Thanks to Giving
Teaching Children to be Charitable
When my son, Daniel, was in third grade, he wrote a thankfulness poem. It became a family tradition to read it at every Thanksgiving dinner. Daniel was thankful for his family, his friends, his pets and because the poem had to rhyme, he was thankful for a street a mile away called River Road. Our address was James Avenue and what rhymes with Avenue?
I loved listening to Daniel recite year after year. Listing the things we are thankful for is an annual ritual. While this is the month to encourage our children towards gratitude, perhaps we should also encourage them to give. Historically November, the launch of the holiday season, sees the highest levels of charitable donations and volunteerism.
Charity Begins at Home
But giving is not just about making financial contributions to worthy causes. It is an attitude of the heart that is often cultivated at home with some of the simplest gifts of kindness. Children are usually eager to help Mom and Dad. Let them, even if it means a task that should take ten minutes, now takes twenty.
Do your kids see you model helpfulness? Are you assisting an elderly neighbor to take out the trash or sweep the steps? I still recall the day my boys, without my prompting or her asking, ran to unload groceries from the car of the young mother who lived next door. She and I were both pleasantly surprised by this spontaneous act.
Giving in the Neighborhood
There are plenty of opportunities to volunteer as a family. In fact, Points of Light, the world’s largest organization dedicated to volunteer service, has designated November 19th as Family Volunteer Day — a day of service that celebrates the power of families who work together to support their communities and neighborhoods.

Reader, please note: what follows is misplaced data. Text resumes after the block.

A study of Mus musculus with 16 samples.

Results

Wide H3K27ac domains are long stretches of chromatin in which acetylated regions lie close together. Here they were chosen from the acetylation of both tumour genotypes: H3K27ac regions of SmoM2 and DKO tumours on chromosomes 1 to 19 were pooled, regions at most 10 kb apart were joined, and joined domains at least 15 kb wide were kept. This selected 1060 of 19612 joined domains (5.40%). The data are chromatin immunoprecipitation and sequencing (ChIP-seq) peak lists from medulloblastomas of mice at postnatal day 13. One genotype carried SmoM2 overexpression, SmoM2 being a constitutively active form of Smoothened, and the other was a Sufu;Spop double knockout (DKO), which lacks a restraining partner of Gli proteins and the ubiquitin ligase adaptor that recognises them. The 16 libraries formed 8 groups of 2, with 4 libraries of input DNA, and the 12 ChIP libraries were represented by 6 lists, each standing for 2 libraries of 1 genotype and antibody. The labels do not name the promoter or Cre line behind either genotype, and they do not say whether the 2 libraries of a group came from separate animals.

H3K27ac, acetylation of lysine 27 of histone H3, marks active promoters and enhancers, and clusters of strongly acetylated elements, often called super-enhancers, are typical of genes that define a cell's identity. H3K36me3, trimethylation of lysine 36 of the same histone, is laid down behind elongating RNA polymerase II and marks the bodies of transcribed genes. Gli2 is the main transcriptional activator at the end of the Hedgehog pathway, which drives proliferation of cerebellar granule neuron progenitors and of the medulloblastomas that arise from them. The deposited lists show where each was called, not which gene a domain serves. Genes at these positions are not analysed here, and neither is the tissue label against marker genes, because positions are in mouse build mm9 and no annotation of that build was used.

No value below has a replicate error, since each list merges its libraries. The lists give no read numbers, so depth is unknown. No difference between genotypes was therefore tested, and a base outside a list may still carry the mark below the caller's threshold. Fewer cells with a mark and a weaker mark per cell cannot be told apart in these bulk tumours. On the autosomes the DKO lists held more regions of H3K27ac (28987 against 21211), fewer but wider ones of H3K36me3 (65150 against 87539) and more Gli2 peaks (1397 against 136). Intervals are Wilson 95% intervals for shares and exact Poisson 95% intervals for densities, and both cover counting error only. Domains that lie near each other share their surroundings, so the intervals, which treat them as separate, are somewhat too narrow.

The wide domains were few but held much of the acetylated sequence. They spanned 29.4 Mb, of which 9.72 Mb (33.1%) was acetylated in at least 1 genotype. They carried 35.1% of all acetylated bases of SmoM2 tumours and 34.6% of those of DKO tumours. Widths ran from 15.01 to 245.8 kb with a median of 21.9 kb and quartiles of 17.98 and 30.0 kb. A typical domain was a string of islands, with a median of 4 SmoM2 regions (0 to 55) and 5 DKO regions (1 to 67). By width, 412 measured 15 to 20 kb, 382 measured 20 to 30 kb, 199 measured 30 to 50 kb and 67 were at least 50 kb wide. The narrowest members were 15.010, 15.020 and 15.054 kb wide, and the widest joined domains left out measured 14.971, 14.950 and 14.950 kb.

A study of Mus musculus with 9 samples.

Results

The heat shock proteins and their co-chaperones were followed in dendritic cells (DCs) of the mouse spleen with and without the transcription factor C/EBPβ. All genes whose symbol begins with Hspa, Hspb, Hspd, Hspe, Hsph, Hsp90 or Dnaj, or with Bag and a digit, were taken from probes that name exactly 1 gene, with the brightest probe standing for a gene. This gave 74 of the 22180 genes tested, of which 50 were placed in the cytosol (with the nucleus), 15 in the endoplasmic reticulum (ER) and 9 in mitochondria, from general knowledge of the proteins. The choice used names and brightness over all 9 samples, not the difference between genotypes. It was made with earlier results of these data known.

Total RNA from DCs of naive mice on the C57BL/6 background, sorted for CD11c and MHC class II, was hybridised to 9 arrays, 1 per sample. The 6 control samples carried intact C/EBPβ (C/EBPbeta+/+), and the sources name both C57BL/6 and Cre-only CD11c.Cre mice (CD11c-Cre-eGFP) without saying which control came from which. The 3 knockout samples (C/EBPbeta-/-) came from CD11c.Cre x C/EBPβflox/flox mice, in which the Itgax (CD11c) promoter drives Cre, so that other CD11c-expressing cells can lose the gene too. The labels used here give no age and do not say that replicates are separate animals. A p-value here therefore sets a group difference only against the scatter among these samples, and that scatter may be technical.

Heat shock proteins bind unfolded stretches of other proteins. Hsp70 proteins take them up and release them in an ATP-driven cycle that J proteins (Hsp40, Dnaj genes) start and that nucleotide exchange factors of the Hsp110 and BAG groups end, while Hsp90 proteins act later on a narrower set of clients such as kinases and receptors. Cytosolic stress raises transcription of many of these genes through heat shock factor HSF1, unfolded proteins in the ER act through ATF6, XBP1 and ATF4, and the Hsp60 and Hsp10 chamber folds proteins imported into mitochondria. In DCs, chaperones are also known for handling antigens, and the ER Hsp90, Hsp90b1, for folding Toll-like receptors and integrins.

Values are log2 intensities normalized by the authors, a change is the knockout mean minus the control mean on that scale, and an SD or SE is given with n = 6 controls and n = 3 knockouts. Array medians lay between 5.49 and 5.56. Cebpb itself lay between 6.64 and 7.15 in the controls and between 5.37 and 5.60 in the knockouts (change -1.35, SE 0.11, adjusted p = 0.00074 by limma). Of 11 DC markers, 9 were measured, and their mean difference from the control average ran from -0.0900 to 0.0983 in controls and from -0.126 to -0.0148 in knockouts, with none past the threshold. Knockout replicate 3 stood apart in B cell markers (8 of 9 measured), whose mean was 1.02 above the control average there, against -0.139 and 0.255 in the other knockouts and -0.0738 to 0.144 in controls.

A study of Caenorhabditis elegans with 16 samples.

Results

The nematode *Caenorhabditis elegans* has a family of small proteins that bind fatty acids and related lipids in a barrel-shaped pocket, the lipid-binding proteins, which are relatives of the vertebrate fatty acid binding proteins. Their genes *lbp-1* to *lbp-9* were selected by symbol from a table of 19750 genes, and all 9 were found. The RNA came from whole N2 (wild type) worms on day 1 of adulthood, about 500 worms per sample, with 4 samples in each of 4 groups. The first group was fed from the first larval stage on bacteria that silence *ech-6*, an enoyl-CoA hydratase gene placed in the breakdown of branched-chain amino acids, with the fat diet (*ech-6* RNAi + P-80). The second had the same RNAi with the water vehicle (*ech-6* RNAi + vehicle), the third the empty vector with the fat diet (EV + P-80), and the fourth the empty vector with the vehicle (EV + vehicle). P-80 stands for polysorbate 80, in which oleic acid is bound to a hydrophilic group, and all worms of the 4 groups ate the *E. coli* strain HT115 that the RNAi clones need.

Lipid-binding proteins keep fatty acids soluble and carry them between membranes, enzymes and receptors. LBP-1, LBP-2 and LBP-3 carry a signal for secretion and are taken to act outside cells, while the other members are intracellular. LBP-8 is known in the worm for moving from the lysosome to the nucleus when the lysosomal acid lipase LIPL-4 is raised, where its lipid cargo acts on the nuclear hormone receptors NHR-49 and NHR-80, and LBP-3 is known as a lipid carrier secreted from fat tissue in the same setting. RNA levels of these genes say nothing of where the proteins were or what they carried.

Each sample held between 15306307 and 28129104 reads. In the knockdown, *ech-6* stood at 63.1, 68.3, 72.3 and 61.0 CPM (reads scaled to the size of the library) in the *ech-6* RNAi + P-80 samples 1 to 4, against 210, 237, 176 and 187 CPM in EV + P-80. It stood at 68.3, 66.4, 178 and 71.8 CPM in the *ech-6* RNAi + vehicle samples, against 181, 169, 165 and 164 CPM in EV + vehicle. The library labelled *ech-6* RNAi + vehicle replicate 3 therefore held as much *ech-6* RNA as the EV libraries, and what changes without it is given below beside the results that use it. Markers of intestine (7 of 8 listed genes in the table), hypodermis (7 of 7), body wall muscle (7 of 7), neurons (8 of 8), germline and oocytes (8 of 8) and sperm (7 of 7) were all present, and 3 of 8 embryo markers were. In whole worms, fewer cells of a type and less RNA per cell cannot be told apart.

Families can design their own volunteer opportunity or choose from several local projects at http://fvd.generationon.org/.
The website, randomactsofkindness.org, challenges visitors to Be the Spark with several suggested benevolent activities including knitting blankets for babies, writing thank you notes to veterans and paying it forward by covering the tab for a patron at a restaurant where your family is eating a meal.
The 80:10:10 Rule
As the economy has steadily improved, financial contributions to charities have increased. In the past year alone Americans gave $373.25 billion to philanthropic causes, up 4.1% over the prior year. In 2015 the largest source of charitable giving was individuals, with an average household contribution of $2974.00.
Many financial advisors suggest an 80:10:10 formula. 80% of income is designated towards household expenses. 10% goes to savings and 10% is donated. Teaching children this formula not only creates lifelong wise money management, it establishes the importance of giving to those in need.
Although designed for teachers, Learningtogive.org, includes a portal for parents to inspire philanthropy at home. Check out the link to The Philanthropy Project, philanthropyproject.com/#campaigns, a platform that helps youth bring service projects to life.
Tuesday, November 29 is #givingtuesday, the international day of giving. It follows Black Friday and Cyber Monday. This digital initiative leverages the power of social media to support organizations around the world. Last year 700,000 people raised $116,000,000 online in over seventy countries.
Assure that your donations are going to worthy causes by checking them out at a website like Charitynavigator.org. The Tips for Donors section will guide you towards wise giving.
Children are naturally altruistic. Encouraging this behavior has proven psychological benefits. Those who truly care about the well-being of others tend to be happy.
Visit these websites for more information on charity and volunteering.